July 2003

Climate Models

Sallie Baliunas of the Harvard-Smithsonian Center for Astrophysics claims to have exposed a fundamental flaw in our models of global climate change. Speaking at a one-day conference organised by the UK's Scientific Alliance entitled 2020 Vision - Powering the UK's Future, Baliunas described research that could have serious implications for our understanding of the problem of global warming and what we do to tackle it.

Contrary to popular belief, Baliunas asserts, the surface temperature of the earth during the twentieth century was not closely linked to the release of greenhouse gases into the atmosphere by humans. Baliunas explained that although such emissions certainly rose because of human activity in the latter part of the twentieth century and the average temperature was higher than in the nineteenth century, the temperature changes observed do not fit the pattern of greenhouse gas increases.

Underpinning Baliunas' argument is whether or not the nineteenth and the twentieth century were indeed abnormal or normal. She pointed out that climate change works, in fact, on a much longer timescale than our short-term view suggests and that a period of a mere two centuries is just too short to know for certain whether temperature trends have changed because of human activity. We simply cannot disentangle the natural changes from such effects.

Sallie BaliunasBaliunas has looked deeper into the past; the period 1659-2002 in particular shows that the steepest warming actually occurred between 1690 and 1740 - well before the Industrial Revolution and the rise in anthropogenic greenhouse emissions. Going back further still, Baliunas and colleague Willie Soon have studied proxies of climate change, such as geological and biological reservoirs, ice-cores, tree rings, and pollen in sediments. Such records, and many other data sources, suggest that the period 800-1200 AD was a time of global warming, while 1300-1900 was a period of global cooling. Indeed, the latter period is described as the "little-Ice Age", the coldest period since the most recent glaciation ended 12,000 years ago. Such data begs the question, how can we understand the present-day warming on the basis of industrialisation?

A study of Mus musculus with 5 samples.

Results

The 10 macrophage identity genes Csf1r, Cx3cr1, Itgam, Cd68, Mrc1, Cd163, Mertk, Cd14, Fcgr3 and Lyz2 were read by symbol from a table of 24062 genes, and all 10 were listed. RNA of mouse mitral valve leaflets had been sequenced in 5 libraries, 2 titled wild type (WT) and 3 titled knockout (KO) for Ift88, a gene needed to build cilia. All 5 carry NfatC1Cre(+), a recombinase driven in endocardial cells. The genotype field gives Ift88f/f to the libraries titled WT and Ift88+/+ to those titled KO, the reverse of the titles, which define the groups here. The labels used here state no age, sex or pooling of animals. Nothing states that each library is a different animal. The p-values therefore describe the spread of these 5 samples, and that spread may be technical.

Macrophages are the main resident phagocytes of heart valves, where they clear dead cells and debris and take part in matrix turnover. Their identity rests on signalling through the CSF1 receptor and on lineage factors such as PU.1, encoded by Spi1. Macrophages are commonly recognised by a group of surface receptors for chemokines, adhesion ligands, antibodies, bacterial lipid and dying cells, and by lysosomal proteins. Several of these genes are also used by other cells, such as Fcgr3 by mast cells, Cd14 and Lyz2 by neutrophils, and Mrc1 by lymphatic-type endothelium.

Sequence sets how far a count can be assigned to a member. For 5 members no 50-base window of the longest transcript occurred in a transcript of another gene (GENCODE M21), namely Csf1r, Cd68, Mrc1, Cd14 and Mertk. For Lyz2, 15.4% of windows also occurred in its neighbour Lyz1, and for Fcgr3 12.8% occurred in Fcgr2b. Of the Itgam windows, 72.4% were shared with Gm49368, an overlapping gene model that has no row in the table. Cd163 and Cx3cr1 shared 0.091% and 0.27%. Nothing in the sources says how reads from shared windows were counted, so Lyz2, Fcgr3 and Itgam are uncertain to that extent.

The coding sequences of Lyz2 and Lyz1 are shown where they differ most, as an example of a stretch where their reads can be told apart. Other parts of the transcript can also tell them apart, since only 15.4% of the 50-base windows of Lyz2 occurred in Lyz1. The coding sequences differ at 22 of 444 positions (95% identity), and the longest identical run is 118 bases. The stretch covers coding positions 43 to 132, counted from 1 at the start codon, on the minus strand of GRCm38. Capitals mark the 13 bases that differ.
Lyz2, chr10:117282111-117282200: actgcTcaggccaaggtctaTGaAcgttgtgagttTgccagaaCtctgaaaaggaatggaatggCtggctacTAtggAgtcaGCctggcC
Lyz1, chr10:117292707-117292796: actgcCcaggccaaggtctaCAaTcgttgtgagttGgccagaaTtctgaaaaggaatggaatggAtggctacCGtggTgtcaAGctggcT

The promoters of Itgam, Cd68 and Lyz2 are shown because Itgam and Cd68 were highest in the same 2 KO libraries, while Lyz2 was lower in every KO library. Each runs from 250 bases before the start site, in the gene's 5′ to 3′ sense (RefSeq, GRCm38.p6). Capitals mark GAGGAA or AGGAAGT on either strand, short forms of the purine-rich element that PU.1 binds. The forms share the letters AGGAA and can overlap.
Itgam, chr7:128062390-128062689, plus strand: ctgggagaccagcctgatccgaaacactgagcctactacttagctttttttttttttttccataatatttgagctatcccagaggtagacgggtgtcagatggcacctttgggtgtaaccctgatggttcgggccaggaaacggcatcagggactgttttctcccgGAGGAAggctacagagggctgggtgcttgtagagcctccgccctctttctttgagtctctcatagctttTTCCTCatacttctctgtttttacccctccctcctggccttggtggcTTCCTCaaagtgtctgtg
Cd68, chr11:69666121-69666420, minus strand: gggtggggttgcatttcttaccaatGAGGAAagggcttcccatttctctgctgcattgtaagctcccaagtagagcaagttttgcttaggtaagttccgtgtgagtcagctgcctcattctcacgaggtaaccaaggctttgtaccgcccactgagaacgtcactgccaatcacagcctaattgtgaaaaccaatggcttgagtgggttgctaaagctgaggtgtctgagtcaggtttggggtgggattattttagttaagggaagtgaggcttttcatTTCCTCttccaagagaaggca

adapted from http://csep10.phys.utk.edu/astr161/lect/earth/atmosphere.gifBaliunas believes that tracking the temperature of the troposphere (the lower 5 kilometres of the earth's atmosphere) provides a much clearer picture. Satellite and weather balloon records show that this region of the atmosphere has not been subject to warming over recent decades. This is in sharp contrast to the assumptions made in the climate change models that imply that a warmer surface derives from a warmer troposphere. The conclusion that Baliunas draws from this is that climate models have greatly exaggerated the temperature rise we might see in the future.

She suggested that there are many factors involved in climate change, among them known unknowns such as water vapour and ice crystals in the atmosphere. However, there is one factor that stands out from the crowd - there is a strong correlation, she explained, between the earth's temperature and the sun's strength. Records for at least the last 200 years support this view. Where records are available for the sun's brightness, there is a direct correlation between global temperature and solar energy reaching the earth. Perhaps, Baliunas suggested, recent warming is due to the different rate at which the sun emits energy over time, rather than anthropogenic causes. As such, she believes a cautionary approach is needed to climate change. By 2020, the climate will certainly be changing, but in what ways we do not know.

The views expressed in this item are those of Baliunus and are not necessarily held by D Bradley.